President Barack Obama distanced himself from a deeply divided U.S. Congress on Thursday, pledging to deliver fresh ideas to create jobs and slamming lawmakers for "bickering" that gets in the way of recovery.

In a passionate speech to auto workers in Michigan, Obama described last week's U.S. credit rating downgrade as "a self-inflicted wound" and said the refusal on Capitol Hill to put country ahead of party was suppressing the economy.

"There are some in Congress right now who would rather see their opponents lose than see America win. And that has to stop," he told a crowd at Johnson Controls, which is ramping up production of car batteries for hybrid and electric vehicles.

Obama's hopes for reelection in 2012 will hinge on his success in lowering unemployment, currently pinned above 9 percent, boosting sluggish growth and restoring confidence lost from the Standard & Poor's downgrade and fractious debt talks.

"I'm going to be putting out more proposals, week by week, that will help businesses hire and put people back to work," he told the Michigan event.

But Obama did not immediately spell out any new initiatives beyond renewing his call for Congress to extend a payroll tax cut, advance trade pacts with South Korea, Panama and Colombia, and deliver patent reform.

The Democratic president has few tools left to stoke growth. Fiscal stimulus efforts during the 2008-2009 recession, including a multibillion-dollar auto industry bailout, have vastly expanded the budget deficit.

Now the United States is under market pressure to slash it or face higher funding costs.

Republicans in Congress -- and on the presidential campaign trail -- also strongly oppose big, new spending programs and are giving the White House little wiggle room to boost hiring through public works programs or business incentives.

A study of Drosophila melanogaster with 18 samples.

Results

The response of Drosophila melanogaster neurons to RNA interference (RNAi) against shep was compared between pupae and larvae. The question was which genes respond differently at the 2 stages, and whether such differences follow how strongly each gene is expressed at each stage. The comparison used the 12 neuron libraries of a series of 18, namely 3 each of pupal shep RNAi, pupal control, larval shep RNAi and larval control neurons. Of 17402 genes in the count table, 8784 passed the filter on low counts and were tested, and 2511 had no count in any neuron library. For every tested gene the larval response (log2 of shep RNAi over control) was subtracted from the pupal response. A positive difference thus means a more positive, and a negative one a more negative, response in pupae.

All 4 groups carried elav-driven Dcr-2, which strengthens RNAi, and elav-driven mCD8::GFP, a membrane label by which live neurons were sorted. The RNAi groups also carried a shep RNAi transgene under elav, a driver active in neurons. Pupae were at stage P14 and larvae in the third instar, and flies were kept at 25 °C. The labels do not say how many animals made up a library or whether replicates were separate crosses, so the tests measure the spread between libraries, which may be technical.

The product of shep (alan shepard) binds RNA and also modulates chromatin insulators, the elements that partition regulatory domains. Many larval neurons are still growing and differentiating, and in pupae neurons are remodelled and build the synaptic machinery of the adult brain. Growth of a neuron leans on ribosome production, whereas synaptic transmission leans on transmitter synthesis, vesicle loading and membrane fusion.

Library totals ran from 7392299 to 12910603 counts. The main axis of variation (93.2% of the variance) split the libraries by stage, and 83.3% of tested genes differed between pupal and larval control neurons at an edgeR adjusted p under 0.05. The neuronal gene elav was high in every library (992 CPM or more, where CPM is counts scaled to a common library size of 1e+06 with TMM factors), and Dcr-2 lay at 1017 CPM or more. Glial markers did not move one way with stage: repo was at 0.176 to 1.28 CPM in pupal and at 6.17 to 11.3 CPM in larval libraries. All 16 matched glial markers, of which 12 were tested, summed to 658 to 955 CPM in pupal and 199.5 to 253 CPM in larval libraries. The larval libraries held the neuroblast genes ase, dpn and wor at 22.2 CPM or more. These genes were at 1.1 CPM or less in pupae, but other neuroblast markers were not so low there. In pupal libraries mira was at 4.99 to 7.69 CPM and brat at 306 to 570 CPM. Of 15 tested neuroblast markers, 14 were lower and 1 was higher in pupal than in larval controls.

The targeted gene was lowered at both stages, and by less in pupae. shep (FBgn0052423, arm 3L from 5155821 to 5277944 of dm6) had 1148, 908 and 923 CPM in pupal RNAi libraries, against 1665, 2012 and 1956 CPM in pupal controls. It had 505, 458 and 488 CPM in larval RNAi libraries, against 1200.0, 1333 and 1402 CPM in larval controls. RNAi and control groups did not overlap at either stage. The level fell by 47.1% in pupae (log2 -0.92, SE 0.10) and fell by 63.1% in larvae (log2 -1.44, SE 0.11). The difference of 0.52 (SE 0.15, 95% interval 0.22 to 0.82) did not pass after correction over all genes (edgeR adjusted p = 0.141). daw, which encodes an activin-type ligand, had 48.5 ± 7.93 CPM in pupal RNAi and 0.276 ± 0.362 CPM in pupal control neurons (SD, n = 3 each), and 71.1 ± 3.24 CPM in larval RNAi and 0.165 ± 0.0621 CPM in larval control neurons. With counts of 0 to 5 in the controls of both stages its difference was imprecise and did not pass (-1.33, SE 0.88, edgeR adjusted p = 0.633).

Critics have complained Obama failed to adequately calm Americans as markets whipsawed this week, in one of the most dramatic periods in the stock market since he took office amid the financial crisis in January 2009.

But the president remains more popular than Congress, whose approval rating slumped after a toxic debate to lift the U.S. debt ceiling that prompted the ratings downgrade by S&P.

Obama blamed the market gyrations on forces beyond his control, noting European financial turmoil was "lapping up" on U.S. shores and saying the S&P downgrade "could have been entirely avoided" if Congress had been willing to compromise.

Later, at a celebrity-studded campaign fundraiser at a New York City residence, Obama described political gridlock as a primary threat to the U.S. economy, and one he hoped would be overcome in the 2012 election.

"There is not a single problem we are facing that we cannot solve," he told the dinner party of about 50 guests, who included the actress Gwyneth Paltrow, the clothing designer Vera Wang and the comedian Jimmy Fallon.

Obama also struck a defensive tone about the attractiveness of the U.S. economy to international investors, noting the financial market turmoil exacerbated by debt crises in Europe had driven more investors into U.S. bonds.

"When the stock market went down, what did everybody buy after the downgrade? U.S. Treasuries. Everybody understands that the United States still has the greatest economic potential," he said. "The market voted with its feet in terms of its confidence in the marketplace."